Daily Archives: May 4, 2009

Oracle Beehive 1.5.1: First impressions

Oracle released version 1.5.1 of their new-ish collaboration product, Beehive, on Friday. I’d been waiting for it ever since returning from the course in the US, and I was eager to try it out this morning. My setup was this:

  • All machines are Dell SC1425 with a single 3GHz Xeon CPU
  • Database server with 4G RAM, 250G disk for the database and some swap, and another disk for the OS
  • Beehive server with 4G RAM and just a system disk
  • Enterprise Manager server with 1G RAM: Don’t do this at home, it needs a lot more than 1G. Slooow.

I had preinstalled Database, as this was the latest recommended release for Beehive 1.4.3. The Enterprise Manager was set up with this. I hadn’t done any patching at all, since I just wanted to try it out from a clean install.

Not surprisingly, looking at the track record for Beehive, the first install with a vanilla database didn’t work. Some of the schema deployment failed, which was the same sort of error I got with 1.4.3 when I first tried installing that. Main problem: Oracle hadn’t released the documentation for 1.5.1 yet. I decided to try patching the database up in the same way required for 1.4.3, ie. with patches 6168363, 6708565, 6750049 and 6526468. At first, it seemed to do the trick – the installation worked way past the schema bits – but during the framework deployment, starting the beemgt service failed, and the installation stopped. Retrying the step didn’t seem to make any difference, and that’s where I left it at work.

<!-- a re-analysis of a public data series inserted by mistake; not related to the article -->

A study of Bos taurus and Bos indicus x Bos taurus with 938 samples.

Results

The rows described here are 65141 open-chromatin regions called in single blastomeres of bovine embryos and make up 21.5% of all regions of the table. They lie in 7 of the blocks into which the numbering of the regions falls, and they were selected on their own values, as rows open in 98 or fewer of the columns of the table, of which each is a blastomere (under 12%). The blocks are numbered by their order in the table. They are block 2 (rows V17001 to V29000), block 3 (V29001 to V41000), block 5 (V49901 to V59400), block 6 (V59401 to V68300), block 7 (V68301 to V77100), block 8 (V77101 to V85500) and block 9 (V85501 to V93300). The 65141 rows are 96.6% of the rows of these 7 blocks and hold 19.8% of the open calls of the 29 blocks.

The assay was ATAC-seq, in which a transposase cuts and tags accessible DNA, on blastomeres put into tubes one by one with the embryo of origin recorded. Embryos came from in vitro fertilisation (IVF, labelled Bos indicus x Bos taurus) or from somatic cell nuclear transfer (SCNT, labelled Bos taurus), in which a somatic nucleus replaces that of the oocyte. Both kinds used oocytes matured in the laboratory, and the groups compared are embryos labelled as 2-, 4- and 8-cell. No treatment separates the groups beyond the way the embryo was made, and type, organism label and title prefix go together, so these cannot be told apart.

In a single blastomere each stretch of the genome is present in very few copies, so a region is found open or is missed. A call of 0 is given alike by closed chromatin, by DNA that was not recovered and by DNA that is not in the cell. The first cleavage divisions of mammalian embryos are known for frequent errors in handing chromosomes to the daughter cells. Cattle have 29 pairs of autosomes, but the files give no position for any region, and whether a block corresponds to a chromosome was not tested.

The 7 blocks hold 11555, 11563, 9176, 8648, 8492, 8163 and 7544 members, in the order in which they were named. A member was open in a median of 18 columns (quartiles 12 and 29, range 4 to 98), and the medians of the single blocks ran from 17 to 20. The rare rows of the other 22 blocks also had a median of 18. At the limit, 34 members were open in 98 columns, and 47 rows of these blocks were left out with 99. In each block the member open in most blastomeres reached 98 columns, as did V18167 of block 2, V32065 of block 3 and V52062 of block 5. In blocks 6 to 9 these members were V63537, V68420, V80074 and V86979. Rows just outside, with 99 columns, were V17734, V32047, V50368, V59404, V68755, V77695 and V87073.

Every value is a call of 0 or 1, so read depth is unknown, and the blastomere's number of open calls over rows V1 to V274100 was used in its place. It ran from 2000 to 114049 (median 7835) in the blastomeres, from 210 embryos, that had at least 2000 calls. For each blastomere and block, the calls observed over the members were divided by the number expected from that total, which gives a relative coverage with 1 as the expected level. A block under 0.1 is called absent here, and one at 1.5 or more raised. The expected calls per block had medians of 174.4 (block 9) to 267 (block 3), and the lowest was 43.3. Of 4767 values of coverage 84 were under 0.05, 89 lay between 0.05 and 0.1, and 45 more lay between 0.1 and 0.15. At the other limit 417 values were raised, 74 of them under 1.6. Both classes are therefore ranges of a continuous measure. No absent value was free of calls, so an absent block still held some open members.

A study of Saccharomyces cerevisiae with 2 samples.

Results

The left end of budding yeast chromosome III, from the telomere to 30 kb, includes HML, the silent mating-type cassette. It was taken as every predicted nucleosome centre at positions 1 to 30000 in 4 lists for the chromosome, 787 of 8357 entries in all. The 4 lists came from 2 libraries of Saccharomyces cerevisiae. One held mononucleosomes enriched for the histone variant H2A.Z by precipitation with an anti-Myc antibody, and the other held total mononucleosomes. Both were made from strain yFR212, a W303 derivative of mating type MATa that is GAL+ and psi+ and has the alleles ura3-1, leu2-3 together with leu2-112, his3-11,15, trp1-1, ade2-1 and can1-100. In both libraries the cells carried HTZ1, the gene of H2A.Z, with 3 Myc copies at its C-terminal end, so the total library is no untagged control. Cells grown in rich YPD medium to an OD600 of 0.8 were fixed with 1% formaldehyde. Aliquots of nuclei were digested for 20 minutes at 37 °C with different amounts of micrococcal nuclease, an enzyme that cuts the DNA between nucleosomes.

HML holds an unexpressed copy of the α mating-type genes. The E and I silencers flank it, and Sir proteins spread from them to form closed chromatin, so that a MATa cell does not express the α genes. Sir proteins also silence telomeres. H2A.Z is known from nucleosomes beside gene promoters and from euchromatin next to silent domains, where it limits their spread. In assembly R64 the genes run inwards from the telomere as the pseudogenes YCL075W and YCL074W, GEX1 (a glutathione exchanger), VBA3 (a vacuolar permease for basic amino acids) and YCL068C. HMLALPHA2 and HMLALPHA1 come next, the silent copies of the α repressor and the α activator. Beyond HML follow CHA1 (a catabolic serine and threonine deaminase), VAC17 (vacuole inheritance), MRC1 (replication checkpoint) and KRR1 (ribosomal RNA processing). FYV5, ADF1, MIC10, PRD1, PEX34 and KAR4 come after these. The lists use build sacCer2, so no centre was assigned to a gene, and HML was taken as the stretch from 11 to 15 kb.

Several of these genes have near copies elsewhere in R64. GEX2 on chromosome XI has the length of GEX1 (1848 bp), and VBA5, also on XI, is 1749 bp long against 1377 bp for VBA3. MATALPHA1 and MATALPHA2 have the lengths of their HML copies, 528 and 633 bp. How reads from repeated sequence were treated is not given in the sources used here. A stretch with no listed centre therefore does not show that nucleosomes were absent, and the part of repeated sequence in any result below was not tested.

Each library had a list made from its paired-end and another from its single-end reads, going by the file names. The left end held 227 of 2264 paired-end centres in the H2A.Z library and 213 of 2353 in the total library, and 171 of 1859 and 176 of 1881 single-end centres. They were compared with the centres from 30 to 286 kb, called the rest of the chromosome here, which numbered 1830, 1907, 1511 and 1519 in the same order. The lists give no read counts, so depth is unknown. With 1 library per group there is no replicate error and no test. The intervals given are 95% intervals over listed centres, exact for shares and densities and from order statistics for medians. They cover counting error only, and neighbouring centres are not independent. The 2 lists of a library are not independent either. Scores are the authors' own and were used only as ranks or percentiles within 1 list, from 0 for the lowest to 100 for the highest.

Tonight, though, Oracle have released the documentation – linked above – with a few more interesting notes in it. There’s two more patches mentioned for, but those aren’t actually available to us regular users through Metalink. More importantly, Oracle seem to now support version of the database, and from the Oracle Forums I understand that it’s actually the prefered version. You just have to apply a few patches – 12 to be exact, at the time of writing.

I’d better upgrade the database when I get back tomorrow. Check that all the table parameters are set correctly, install that dozen of patches, clear out the old Beehive database and set up a new one – and then see if that makes the install sail through. Somehow, I doubt it. Beehive is a nice product, but the installation and making all the bits fit together seems to hinge on having everything set up in exactly the way they have over in Redwood Shores – and maybe that’s just too much to ask for.

Update – 5 May 2009:

Clearing out the database didn’t make much of a difference. However, after trying that, I tried going over the client side, making sure it was absolutely pristine before I started – and again I checked the database, creating it exactly as was specified in the manual for 1.5.1. Et voila; suddenly I had a Beehive 1.5.1 installation. At least, it got a lot further – so long that I actually had to leave my office before it finished, so I won’t know the details until I get back tomorrow.